Change in carbon stock in soils currently underestimated, study shows

The compaction of soils when natural forests are converted to agriculture hides actual carbon losses, if internationally agreed accounting methods are used. Compaction means more soil is included in a sample of the 0–30 cm layers, as the methods prescribe.

Meine Van Noordwijk
World Agroforestry scientist, Meine Van Noordwijk

This is the conclusion of a study of soils across a wide range of land uses in six different landscapes in Indonesia, co-authored by World Agroforestry (ICRAF) scientists. The results have implications for the way policies for climate-change mitigation involving agriculture are monitored.

“The results also show that the advantages are underestimated of certain forms of agroforestry that don’t compact soil,” said World Agroforestry scientist, Meine Van Noordwijk.

The study, “Soil carbon stocks in Indonesian (agro) forest transitions: compaction conceals lower carbon concentrations in standard accounting”, was published in the journal Agriculture, Ecosystems and Environment.

“Changes in soil carbon can be quantified as concentration (the amount of carbon per unit dry soil) or by combining this with the amount of soil per standard volume of soil as carbon stock,”’ said Prof Kurniatun Hairiah from Brawijaya University in Malang, Indonesia, who is the lead author of the study. “The first shows a bigger response but the second is the agreed standard.”

Compared to the conditions in natural forests, carbon concentration in soil decreases by 8–20% in degraded forests or oil-palm plantations and by more than 40% in treeless, tilled, open-field agriculture, the study found. Simple agroforestry and monocultural crops showed values between these percentages, with a 25–30% loss in organic carbon.

However, the compaction of the topsoil that happens when land is used to grow crops means that calculated carbon stocks can even be higher than in natural forests with their spongy soil.

This means that the loss of soil carbon is currently underestimated in current accounting, the researchers conclude.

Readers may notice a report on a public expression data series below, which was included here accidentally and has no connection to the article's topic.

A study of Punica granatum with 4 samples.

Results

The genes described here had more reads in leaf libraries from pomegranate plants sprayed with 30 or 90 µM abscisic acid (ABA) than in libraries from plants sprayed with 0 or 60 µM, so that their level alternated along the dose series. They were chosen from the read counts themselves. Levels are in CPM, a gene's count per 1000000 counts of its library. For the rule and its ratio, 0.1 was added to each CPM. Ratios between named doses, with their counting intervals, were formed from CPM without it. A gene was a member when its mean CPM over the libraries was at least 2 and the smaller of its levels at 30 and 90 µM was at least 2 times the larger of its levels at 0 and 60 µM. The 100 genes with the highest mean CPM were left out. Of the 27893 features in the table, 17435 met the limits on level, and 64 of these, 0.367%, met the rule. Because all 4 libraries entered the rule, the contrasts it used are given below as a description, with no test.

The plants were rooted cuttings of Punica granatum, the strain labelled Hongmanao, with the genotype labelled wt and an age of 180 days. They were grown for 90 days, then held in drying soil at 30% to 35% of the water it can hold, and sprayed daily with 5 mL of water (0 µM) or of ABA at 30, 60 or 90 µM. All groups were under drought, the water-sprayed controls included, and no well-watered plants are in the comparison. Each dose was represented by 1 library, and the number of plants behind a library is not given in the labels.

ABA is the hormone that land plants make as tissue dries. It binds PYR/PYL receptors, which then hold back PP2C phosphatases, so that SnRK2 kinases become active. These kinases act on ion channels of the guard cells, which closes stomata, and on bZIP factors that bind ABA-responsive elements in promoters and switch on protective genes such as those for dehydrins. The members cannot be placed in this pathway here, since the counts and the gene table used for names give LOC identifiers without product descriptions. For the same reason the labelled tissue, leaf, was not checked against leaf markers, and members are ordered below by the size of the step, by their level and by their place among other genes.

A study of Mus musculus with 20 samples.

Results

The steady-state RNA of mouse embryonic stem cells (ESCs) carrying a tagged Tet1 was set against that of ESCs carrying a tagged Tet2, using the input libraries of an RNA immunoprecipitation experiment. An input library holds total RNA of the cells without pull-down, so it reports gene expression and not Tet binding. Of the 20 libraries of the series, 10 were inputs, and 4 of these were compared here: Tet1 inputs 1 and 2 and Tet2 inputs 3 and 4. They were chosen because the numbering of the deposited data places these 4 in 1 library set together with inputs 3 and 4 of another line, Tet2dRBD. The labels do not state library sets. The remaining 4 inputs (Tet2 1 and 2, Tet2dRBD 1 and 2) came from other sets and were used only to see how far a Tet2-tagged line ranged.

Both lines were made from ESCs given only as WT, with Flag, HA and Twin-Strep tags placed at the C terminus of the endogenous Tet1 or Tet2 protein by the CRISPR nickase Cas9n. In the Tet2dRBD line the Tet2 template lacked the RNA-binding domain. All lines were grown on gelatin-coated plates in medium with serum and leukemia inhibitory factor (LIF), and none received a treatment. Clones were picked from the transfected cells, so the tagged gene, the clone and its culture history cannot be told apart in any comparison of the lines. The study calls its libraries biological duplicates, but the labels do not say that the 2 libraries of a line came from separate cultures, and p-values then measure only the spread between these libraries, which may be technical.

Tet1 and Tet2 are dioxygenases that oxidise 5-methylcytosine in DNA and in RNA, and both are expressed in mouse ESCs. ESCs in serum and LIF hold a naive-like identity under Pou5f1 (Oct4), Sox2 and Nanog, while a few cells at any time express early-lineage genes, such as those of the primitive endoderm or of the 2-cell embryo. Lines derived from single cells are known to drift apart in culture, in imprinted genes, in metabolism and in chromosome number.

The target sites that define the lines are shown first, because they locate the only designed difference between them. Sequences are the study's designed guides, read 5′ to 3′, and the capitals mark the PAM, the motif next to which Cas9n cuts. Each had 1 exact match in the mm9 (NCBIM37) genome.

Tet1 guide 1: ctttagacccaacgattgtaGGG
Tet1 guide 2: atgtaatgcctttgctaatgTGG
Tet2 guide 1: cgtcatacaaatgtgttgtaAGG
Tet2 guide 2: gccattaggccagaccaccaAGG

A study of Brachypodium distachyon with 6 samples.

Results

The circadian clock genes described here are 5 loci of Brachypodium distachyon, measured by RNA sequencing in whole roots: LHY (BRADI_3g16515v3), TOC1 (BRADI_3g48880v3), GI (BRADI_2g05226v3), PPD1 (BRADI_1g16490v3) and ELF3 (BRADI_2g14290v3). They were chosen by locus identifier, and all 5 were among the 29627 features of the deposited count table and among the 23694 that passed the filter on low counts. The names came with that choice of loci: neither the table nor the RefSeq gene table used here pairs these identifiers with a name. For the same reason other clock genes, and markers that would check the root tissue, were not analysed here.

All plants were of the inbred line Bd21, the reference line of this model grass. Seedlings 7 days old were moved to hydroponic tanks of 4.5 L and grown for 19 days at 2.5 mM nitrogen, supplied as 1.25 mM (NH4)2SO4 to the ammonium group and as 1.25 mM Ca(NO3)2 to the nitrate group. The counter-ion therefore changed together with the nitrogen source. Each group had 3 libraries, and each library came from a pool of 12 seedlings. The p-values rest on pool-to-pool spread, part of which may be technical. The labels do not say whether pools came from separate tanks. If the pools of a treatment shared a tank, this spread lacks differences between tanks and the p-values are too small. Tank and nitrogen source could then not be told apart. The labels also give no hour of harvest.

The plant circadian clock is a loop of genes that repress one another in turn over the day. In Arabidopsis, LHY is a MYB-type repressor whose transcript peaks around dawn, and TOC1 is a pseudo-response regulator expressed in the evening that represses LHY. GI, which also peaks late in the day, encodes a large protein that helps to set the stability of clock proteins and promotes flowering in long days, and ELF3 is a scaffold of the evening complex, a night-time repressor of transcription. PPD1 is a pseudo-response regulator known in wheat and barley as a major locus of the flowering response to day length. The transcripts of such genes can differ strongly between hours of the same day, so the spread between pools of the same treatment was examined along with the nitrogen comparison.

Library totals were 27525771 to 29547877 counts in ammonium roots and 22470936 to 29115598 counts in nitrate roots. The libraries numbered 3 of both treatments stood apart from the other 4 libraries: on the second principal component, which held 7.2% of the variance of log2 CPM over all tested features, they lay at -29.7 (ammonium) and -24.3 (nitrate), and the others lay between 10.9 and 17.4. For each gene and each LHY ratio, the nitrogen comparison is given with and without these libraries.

“The findings are important because policy makers need to understand the drivers of the decline of soil carbon so as to make the right decisions on how to counter it, for example, with the right agricultural policies,” said van Noordwijk.

The study noted that agroforestry practices with high density of trees and soil cover can provide conditions that are closer to natural forests and, thus, such soils lose considerably less carbon than those under intensive agriculture.

Agroforestry systems with leaf-litter layers that protect the soil’s surface and have sufficient fine root turnover to maintain soil carbon are superior to open-field agriculture when it comes to carbon storage. Such soils also have a better buffering function for water and nutrients and are less exposed to climate variability. This correlation could be harnessed to devise even better incentives for agroforestry practices, the authors argue.

The study was conducted in Indonesia because the diversity of soil types, high stocks of soil carbon and a wide range of agroforestry practices could provide insights of global relevance. The 617 samples were taken in 0–30 cm depth across eight land-use types in six locations in Jambi and Lampung provinces in Sumatra; in central Kalimantan; in eastern Java and in central and south-eastern Sulawesi.

Reliable data on changes in the storage of soil carbon related to tree cover – from natural forest, from various forms of managed forestry and from agroforestry – are also needed for the Intergovernmental Panel on Climate Change’s (IPCC) accounting of national carbon stocks, the researchers write.

“The IPCC should consider refinement in their accounting method, especially now that increased storage of soil carbon has become part of the global agenda,” said Peter Minang, leading climate-change researcher at World Agroforestry but not directly involved in the study.